Connect with us

Hi, what are you looking for?

CleanTechnica

Clean Power

It’s Official: 100% Renewable Energy for Massive Apple Data Center

 
renewable energy for apple data center in maidenNews has slowly been leaking out about renewable energy plans for Apple’s data center in Maiden, North Carolina, and now the whole shebang is up on the Apple website. Apple has confirmed that the gigantic facility will run entirely on renewable energy. When running at full capacity the data center draws a whopping 20 megawatts, so that’s a pretty impressive feat – especially since Apple has declared that it will go 100 percent renewable before the end of the year.

Solar power for Apple

Apple’s website makes it clear that the data center will be “using entirely renewable resources,” which of course doesn’t necessarily mean that all of the energy will be produced on site. Loosely speaking, “using” could also refer to purchasing offsets.

Be that as it may, Apple states that it will be generating about 60 percent of the power on site, partly with two solar installations that will produce about 84 million kilowatt hours annually.

Fuel cells and biogas

The other part of Apple’s on site renewable energy is a huge array of fuel cells, which the company confirms will run on renewable biogas, presumably harvested from landfills or from North Carolina’s booming hog industry.

This is where the definition of “on site” gets a little vague. The fuel cells are located at the data center but the energy needed to run them could be generated by hogs who reside elsewhere (unless the facility has its own in-house hogs, which is doubtful) – however, that’s beside the point.

Wherever the gas is coming from, it is renewable, and Apple states that all of its renewable energy sources are regionally if not locally sourced.

Green jobs and guilt-free iPads

Apple has similar plans for a new data center under construction in Prineville, Oregon, which will have access to enough local wind, hydro and geothermal sources to fill its energy needs.

That’s good news for communities that support the construction of renewable energy infrastructure. They get the benefit of creating green energy jobs while also attracting new employers that are seeking to boost their corporate social responsibility profile.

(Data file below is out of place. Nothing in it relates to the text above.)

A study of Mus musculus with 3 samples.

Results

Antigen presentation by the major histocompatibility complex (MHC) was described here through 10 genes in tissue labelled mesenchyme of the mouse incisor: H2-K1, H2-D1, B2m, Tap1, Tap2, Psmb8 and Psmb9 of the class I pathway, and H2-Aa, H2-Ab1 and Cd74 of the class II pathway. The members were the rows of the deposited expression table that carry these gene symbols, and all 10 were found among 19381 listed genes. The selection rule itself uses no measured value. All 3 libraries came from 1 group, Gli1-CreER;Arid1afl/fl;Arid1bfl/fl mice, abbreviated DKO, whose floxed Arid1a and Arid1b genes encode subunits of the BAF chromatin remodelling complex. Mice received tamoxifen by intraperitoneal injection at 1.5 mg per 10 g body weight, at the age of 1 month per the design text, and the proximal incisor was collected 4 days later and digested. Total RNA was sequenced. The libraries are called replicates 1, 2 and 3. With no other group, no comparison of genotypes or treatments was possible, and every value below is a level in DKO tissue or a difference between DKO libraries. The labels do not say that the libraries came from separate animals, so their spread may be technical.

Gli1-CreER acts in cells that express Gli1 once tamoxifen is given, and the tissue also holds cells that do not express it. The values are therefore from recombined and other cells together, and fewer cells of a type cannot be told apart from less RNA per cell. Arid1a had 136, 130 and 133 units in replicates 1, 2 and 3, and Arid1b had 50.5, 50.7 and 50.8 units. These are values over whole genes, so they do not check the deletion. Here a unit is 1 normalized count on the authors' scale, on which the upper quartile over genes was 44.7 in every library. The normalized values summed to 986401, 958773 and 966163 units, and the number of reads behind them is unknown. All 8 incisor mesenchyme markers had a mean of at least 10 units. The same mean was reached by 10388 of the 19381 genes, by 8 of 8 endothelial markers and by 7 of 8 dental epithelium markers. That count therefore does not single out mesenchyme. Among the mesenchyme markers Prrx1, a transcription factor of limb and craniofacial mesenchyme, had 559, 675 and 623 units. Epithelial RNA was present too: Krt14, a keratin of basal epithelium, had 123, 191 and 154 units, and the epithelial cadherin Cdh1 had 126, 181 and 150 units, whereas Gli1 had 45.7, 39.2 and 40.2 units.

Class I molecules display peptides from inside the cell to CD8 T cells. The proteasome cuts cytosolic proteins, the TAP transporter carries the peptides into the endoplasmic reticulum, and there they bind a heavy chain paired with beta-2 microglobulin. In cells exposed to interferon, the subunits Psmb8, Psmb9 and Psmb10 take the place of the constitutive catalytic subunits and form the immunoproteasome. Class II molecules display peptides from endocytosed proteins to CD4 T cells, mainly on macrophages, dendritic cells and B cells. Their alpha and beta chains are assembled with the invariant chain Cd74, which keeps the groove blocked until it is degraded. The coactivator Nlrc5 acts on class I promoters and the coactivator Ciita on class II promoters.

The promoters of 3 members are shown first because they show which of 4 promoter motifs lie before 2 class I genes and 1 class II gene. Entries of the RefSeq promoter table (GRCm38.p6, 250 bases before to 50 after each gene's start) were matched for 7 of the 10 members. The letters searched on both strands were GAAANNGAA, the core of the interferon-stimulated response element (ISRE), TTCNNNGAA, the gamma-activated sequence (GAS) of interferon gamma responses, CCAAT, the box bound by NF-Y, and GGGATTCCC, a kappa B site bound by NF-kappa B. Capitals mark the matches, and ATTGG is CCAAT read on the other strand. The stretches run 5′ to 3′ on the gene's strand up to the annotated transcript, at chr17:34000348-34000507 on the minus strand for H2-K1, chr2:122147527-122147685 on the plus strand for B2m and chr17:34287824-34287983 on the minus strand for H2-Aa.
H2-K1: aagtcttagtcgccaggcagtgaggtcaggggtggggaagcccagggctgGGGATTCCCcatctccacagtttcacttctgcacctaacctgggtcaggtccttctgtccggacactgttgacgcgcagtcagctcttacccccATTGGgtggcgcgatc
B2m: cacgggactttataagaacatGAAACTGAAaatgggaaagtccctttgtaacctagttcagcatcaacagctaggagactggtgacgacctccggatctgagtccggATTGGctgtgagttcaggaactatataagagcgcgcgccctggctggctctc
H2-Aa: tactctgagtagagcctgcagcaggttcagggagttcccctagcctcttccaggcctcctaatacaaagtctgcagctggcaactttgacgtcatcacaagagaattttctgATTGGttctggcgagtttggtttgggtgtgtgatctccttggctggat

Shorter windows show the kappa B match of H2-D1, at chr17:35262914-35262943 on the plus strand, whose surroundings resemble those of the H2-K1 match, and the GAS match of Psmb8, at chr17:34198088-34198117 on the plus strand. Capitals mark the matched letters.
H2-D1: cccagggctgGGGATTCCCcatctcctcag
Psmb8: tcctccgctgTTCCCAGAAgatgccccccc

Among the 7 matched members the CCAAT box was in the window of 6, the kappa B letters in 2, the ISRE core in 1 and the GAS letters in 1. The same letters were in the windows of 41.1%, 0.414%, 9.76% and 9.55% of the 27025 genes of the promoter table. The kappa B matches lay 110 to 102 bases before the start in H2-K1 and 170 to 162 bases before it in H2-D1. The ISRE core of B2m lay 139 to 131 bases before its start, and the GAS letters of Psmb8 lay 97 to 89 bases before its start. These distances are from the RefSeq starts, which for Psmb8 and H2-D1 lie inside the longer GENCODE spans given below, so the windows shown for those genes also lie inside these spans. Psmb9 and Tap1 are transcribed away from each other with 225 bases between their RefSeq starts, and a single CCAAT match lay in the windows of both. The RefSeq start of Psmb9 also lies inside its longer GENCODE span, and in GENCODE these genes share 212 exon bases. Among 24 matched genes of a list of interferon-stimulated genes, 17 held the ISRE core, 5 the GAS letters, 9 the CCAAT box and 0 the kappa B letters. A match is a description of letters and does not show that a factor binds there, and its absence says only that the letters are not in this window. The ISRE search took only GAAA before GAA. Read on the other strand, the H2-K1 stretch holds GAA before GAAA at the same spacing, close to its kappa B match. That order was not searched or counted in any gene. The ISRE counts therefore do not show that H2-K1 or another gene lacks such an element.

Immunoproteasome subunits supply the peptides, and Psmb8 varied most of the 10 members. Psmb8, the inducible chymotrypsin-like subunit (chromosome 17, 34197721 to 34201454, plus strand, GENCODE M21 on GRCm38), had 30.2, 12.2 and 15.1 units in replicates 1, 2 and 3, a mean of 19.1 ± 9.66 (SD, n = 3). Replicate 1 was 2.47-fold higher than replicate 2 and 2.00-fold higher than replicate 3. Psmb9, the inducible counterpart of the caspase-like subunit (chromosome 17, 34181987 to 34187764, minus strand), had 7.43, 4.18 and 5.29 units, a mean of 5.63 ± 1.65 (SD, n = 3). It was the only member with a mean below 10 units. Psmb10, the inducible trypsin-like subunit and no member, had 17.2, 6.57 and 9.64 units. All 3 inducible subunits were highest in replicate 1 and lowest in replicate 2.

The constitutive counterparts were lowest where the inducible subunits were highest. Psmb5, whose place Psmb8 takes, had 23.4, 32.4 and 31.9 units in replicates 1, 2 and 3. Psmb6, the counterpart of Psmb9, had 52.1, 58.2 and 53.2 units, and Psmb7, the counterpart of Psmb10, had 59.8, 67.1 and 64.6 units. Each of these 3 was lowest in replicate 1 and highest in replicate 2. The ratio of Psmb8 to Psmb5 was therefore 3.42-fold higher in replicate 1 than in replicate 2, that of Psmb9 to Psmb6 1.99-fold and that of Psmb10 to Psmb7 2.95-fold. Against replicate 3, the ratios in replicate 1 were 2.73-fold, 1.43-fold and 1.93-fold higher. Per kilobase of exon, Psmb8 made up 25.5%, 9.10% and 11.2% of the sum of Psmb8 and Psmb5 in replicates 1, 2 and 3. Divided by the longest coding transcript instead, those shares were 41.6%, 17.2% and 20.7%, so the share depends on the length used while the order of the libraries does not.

In that regard, Apple has some catching up to do in the clean energy race (Google is dabbling in hog biogas, too, by the way), but it has been ramping up its efforts, and it is also beginning to tackle other social responsibility issues regarding its overseas labor and supply chain.

Image: Some rights reserved by kyz

Follow me on Twitter: @TinaMCasey

 

Advertisement
 
Appreciate CleanTechnica’s originality? Consider becoming a CleanTechnica Member, Supporter, Technician, or Ambassador — or a patron on Patreon.
 
Have a tip for CleanTechnica, want to advertise, or want to suggest a guest for our CleanTech Talk podcast? Contact us here.

Written By

Tina specializes in military and corporate sustainability, advanced technology, emerging materials, biofuels, and water and wastewater issues. Views expressed are her own. Follow her on Twitter @TinaMCasey and Google+.

Comments

#1 most loved electric vehicle, solar energy, and battery news & analysis site in the world.

 

Support our work today!

Power CleanTechnica: $3/Month

Tesla News Solar News EV News Data Reports

Advertisement

Advertisement

Advertisement

Tesla News

EV Reviews

Home Efficiency

You May Also Like

Autonomous Vehicles

The on-again/off-again Apple Car seems to be on again ... with help from Porsche!

Cars

The simple, intuitive Chargeway charging app now works with Apple CarPlay and includes a trip planning feature.

Cars

The news about Apple coming for Tesla with an Apple car has been pretty constant over the past several years, but Huawei, another phone...

Autonomous Vehicles

On again, off again, on again, off again. Apple Project Titan is back on again.

Copyright © 2021 CleanTechnica. The content produced by this site is for entertainment purposes only. Opinions and comments published on this site may not be sanctioned by and do not necessarily represent the views of CleanTechnica, its owners, sponsors, affiliates, or subsidiaries.